My hard-working father believed in chasing opportunities — until it almost ruined us.
It was 1983, and my dad was working as a welder in a Washington shipyard. The job was grueling, and the physical demands and hazards were taking a toll on his health.
Then he heard of the sunnier skies in Texas from a few friends. “There’s a growing Korean community in Houston and big opportunities there,” they said.
So Dad packed us into the family station wagon and moved us halfway across the country. Almost immediately, we ran into trouble.
What we hadn’t realized was that the city was undergoing a huge demographic change. Wave after wave of refugees had settled there in recent years and that, combined with the collapse of the oil boom, meant jobs were extremely scarce. Asians were viewed as job stealers, and the flagrant animosity displayed against us was open and hurtful.
The breaking point happened two weeks later as we were walking along a busy street. My brothers, aged 5 and 7 at the time, were a few steps ahead when a man shouted, “Go back to where you came from!” and threw an empty glass beer bottle that shattered in front of us.
Shaken, my dad made a half dozen urgent phone calls that night, and the next day, he announced that we were leaving. He had come up with a plan to join his brother’s locksmith business in Hawaii and had just enough money left in our dwindling savings for plane fare.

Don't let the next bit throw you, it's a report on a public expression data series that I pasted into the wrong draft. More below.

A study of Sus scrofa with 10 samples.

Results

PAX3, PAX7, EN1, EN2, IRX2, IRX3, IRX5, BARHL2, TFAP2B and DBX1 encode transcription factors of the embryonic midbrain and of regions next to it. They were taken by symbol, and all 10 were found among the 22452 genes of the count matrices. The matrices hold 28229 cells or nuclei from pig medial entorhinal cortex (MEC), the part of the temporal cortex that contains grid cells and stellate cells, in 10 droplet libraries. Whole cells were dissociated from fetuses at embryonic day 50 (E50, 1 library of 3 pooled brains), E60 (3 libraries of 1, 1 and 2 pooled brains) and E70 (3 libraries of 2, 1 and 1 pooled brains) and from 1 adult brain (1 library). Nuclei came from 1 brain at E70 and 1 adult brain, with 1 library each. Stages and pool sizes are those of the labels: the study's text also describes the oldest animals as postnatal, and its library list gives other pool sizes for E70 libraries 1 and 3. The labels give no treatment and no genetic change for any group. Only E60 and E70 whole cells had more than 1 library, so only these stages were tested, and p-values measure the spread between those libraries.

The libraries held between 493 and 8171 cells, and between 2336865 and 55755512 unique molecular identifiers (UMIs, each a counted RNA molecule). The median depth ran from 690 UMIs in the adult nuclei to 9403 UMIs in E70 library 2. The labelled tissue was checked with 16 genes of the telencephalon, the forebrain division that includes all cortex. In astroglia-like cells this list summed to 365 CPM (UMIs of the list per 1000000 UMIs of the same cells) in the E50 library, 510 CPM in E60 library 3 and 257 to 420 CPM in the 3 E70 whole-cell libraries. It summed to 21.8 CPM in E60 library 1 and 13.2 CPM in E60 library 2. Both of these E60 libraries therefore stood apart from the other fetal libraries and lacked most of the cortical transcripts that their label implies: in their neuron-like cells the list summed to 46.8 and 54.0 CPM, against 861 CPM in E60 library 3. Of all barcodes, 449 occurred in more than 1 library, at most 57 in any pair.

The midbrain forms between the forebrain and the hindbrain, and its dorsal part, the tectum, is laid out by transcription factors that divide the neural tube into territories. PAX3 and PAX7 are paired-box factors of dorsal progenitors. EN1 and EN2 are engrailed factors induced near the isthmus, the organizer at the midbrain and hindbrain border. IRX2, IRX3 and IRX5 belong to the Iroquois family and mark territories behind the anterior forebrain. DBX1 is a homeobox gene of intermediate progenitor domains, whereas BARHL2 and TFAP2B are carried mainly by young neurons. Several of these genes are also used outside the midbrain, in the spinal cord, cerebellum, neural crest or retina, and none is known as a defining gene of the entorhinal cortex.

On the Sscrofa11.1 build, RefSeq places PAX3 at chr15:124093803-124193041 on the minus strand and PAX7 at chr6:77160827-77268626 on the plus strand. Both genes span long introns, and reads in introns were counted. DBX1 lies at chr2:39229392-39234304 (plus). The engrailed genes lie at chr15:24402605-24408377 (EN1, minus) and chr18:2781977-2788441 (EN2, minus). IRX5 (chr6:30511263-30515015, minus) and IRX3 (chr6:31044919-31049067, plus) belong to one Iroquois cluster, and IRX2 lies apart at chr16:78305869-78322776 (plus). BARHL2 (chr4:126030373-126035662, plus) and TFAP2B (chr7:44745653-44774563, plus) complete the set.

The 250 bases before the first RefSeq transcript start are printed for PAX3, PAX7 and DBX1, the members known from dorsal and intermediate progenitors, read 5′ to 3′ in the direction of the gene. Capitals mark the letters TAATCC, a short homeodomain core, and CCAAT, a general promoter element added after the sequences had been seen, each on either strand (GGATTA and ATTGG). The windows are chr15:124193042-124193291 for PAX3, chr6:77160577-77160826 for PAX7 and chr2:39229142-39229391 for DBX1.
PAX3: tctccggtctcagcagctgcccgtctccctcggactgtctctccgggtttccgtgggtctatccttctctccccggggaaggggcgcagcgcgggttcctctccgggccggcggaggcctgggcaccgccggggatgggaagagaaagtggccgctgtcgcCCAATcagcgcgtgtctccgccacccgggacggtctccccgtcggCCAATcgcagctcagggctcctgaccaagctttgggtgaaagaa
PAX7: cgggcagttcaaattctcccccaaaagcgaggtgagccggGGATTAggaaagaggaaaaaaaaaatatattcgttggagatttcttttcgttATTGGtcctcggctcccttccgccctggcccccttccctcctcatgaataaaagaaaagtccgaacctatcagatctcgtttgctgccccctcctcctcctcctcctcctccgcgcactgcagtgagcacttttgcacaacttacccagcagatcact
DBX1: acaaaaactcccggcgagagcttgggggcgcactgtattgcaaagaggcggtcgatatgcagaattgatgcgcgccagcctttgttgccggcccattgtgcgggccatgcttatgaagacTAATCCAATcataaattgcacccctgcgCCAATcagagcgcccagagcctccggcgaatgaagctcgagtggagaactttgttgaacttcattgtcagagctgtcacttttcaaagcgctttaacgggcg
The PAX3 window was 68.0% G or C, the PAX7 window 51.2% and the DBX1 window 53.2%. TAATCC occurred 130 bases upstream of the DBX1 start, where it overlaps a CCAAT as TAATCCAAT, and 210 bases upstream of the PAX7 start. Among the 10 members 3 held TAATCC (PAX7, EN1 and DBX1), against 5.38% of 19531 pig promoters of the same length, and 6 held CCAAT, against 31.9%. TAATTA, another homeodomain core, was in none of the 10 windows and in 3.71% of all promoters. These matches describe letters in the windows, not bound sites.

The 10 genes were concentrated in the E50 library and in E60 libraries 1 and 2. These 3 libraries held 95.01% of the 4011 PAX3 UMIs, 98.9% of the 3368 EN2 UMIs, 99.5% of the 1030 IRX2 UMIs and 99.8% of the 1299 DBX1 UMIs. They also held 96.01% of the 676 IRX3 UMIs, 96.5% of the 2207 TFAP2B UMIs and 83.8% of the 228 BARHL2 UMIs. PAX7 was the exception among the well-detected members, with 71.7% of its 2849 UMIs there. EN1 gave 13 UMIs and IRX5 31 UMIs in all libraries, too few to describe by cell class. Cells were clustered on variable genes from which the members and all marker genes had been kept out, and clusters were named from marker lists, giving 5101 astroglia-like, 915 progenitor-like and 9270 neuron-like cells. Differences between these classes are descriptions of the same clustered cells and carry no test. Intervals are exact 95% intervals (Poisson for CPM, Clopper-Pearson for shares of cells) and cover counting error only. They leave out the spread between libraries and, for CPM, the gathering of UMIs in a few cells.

In the years following, my father and uncle worked hard to grow their locksmith business into one that was able to support both of their families comfortably. Though it always remained a small, family-owned enterprise, what my father gained in peace of mind was priceless. Most importantly, it was something he would not have thought of had we not encountered such difficulty in Houston.
Sometimes the best opportunities come from the biggest setbacks. An event that may feel devastating in the moment often can be a blessing in disguise, paving the way for life-changing personal and professional growth.
All of this is my way of introducing the theme for this year’s upcoming Expo issue: “Comeback Stories.” We’re looking for people in the industry who have overcome significant adversity to get where they are today. Whether it’s personal, professional, health-related, financial or anything else, we want to hear your story! Please email me at firstname.lastname@example.org by Aug. 26 to be considered for inclusion in this special issue.